FG committed to harnessing hydro-power potential of dams – Minister
The Minister of Water Resources, Mr Suleiman Adamu, made this known at the 2021 First Quarter Lunch Time Seminar for Media Executives in Abuja on Thursday.
”The Federal Government will not privatise any of its dams, as they were too strategic to be left in the hands of private individuals,” he said
He said that what was obtainable was the partial commercialisation of dams and it’s river basins to revitalise and restore them to their lost glory through the public private sector arrangement.
The minister called for better working relationships with the media, adding that the ministry would continue to push for assent of the National Water Resources Bill, before the National Assembly.
According to him, the ministry is consistent with the constitution of the Federal Republic of Nigeria and the Land Use Act, and should not be politicised.
He urged all Nigerians to get acquainted with the provisions of the bill, saying majority of people still depended on second hand information, which were usually distorted or said to reflect a particular agenda.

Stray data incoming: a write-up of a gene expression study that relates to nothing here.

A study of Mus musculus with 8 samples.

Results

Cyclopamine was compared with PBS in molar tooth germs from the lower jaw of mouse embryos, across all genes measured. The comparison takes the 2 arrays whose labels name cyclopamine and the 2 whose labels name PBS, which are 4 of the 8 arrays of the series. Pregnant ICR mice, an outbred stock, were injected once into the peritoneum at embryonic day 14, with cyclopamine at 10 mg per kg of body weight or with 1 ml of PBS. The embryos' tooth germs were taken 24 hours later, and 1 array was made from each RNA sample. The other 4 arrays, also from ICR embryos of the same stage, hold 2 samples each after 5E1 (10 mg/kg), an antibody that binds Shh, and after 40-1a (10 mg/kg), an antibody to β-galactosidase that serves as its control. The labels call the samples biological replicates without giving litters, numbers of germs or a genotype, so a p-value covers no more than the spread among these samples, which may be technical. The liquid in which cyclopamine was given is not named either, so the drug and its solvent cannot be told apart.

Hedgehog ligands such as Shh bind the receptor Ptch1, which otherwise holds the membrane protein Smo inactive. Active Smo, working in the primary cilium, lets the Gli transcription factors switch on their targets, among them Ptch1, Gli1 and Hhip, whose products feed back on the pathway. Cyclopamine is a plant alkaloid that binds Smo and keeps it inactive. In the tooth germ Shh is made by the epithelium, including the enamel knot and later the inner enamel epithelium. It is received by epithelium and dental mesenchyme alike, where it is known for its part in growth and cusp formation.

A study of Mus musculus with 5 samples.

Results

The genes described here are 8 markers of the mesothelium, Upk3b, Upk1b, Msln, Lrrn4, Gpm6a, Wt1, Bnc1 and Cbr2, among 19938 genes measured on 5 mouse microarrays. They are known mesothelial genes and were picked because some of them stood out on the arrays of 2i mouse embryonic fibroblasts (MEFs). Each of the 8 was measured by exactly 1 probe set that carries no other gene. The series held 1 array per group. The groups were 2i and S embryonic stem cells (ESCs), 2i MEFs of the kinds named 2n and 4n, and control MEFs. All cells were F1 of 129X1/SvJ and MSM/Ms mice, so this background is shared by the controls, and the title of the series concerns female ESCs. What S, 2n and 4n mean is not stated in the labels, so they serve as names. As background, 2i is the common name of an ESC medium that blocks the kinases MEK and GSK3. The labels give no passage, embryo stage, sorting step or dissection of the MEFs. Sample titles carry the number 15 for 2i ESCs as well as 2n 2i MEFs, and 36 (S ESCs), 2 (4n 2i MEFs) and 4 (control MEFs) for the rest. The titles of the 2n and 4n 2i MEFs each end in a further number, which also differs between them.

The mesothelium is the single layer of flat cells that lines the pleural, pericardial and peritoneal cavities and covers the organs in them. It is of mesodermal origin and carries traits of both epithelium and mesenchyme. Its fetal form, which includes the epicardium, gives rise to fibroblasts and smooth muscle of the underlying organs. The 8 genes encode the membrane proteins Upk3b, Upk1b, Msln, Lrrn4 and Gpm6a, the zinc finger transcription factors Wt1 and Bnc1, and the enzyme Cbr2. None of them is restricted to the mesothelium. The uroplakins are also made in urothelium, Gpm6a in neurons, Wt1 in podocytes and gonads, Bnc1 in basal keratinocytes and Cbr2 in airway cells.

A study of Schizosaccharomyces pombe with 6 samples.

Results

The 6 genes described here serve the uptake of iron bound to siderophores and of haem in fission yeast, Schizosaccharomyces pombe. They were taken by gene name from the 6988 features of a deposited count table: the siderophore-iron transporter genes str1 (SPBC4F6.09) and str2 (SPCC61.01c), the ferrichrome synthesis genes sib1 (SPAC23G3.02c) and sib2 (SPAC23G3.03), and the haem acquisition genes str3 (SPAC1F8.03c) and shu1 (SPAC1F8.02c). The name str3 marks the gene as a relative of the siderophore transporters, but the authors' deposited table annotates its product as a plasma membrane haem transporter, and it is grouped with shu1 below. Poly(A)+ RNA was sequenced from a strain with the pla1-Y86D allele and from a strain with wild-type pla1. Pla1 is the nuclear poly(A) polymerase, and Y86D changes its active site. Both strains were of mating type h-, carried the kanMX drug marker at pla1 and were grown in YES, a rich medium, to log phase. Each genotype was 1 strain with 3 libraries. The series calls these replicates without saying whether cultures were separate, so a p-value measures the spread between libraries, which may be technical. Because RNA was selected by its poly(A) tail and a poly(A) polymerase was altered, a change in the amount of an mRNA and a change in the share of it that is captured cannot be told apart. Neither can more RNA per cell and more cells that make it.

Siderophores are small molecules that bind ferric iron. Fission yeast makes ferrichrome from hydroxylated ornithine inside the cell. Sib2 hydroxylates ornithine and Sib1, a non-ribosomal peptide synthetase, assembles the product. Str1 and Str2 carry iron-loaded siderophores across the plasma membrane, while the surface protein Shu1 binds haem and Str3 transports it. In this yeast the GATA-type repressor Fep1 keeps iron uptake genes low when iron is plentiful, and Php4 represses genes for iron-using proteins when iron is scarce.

He also called on the media executives to support the ministry in its quest, saying the Bill was not a new law; rather an amalgamation of Water Resources Laws that have been in existence.
He noted that reports in the media appeared to have neglected the provisions of the bill which was for the development, management and efficient use of the Nation’s water resources in line with global best practices.
“It is in the overall best interest of every citizen of the country that the process of its passage is not politicised.
“The general public is invited to note that this National Water Resources Bill when passed into law will better serve and provide for enhancement of the water sector, in line with global best practices,” he said.
On urban water supply, Adamu said it was worrisome that no single state enjoyed 100 per cent water coverage,
He said that plans were on to get a $750 million grant from the World Bank for urban water supply for some states.
He said given that only about 40 per cent of existing water schemes are functional, these interventions would go a long way to change the narrative of poor water governance.
“Most water infrastructure were constructed during the colonial era, and our population keeps growing.
“Water supply is the responsibility of states and Local Government Areas. Federal Government only runs interventions. As a ministry, we are trying to see how states will begin to invest massively in water supply, this is very crucial,” he said
The minister pledged commitment for continued engagement of International Agencies on Trans-boundary Water for livelihood support and socioeconomic development.